Old photos of the SHB show massive cables holding the arch as it was built and once they met and were secured, the cable were removed.
Although like many I have been around the SHB but have never seen any signs of where the anchor points were.
No doubt they were covered as part of the design once the Bridge was finished.
As the arch is basically one piece, the deck has expansion joints to allow it move and as the whole bridge sits on massive rollers, in theory with enough 'Huffing and Puffing' like 10,000 politicians promising at Election time, the whole bridge could be moved backwards and forwards.
I always thought the rivets used had a head and a solid shank not hollow or split (bificated).
As we have already heard, the cables, 128 on each side, were fed from underground anchor points, and supported the northern and southern half spans during erection. When both half spans were completed, the cables were gradually slackened off, and the halves met. The meeting was absolutely spot on for alignment, and the halves were joined. A few hours later, they had separated due to a temperature change, and a final meeting and joining took place at about 10 pm. The cable anchor points are now well buried under the approach spans on each side.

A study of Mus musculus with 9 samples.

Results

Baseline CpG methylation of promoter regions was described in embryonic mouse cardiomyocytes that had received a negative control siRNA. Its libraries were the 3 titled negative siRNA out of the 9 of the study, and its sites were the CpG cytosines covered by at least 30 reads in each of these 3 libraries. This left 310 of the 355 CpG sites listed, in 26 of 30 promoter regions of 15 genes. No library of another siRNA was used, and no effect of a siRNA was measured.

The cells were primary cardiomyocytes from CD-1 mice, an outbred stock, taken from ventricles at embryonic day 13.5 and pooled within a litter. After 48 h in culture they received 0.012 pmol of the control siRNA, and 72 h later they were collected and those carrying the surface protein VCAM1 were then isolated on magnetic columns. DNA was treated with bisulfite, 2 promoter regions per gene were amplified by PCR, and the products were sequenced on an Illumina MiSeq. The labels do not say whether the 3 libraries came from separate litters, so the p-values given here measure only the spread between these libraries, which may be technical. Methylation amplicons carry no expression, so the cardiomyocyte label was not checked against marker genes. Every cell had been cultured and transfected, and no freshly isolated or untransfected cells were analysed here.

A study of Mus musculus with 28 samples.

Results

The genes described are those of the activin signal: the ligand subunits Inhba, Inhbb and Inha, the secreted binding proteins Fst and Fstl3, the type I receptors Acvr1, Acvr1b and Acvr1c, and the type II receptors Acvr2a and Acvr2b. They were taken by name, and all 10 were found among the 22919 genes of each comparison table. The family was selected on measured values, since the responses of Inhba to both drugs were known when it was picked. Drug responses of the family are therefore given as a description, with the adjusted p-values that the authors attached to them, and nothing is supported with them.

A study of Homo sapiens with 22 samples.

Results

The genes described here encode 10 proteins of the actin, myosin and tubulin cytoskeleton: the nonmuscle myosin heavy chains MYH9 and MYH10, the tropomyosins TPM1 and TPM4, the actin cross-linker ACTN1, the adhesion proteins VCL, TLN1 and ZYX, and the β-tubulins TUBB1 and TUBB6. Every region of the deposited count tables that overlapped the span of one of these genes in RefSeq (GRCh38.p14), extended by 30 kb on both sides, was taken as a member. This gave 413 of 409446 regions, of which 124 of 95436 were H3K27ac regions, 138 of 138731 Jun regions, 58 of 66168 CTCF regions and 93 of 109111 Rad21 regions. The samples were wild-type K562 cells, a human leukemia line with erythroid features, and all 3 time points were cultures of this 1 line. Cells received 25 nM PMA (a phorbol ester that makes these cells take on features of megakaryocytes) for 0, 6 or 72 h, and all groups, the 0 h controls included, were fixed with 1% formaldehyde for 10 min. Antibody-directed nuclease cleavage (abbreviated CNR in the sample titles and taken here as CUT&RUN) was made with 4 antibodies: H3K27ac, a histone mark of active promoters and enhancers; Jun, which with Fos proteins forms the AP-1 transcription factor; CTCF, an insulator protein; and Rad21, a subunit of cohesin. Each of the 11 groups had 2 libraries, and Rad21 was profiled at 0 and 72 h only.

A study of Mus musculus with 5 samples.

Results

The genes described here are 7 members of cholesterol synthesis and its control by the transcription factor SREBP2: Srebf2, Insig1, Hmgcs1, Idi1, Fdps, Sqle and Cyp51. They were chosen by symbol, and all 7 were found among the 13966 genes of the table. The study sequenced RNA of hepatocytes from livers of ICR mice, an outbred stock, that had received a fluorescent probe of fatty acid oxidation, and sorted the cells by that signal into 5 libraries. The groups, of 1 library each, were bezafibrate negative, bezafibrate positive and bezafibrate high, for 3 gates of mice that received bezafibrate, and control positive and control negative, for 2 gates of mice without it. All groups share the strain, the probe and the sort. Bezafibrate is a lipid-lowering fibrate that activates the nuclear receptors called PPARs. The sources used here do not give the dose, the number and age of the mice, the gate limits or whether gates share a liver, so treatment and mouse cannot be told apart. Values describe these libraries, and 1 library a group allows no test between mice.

The arch is one piece, but is not supported on rollers. The main support pieces are the king posts; one on each side of the arch at the south end, and the same at the north end, i.e. four king posts. Each king post is close to vertical, and supported on a massive, cylinder-shaped bearing. The arch is self-supporting, and may expand and contract up to 18 centimetres due to variations in ambient temperature. Each bearing can support 20,000 tonnes.
Once the arch was complete, the "creeper cranes" which had lifted the steel components into place were at the top of the bridge. Rather than move them down the arch, the construction of the road deck started from the middle of the bridge and moved outwards towards both ends.
The rivets are indeed solid shank and not bifurcated.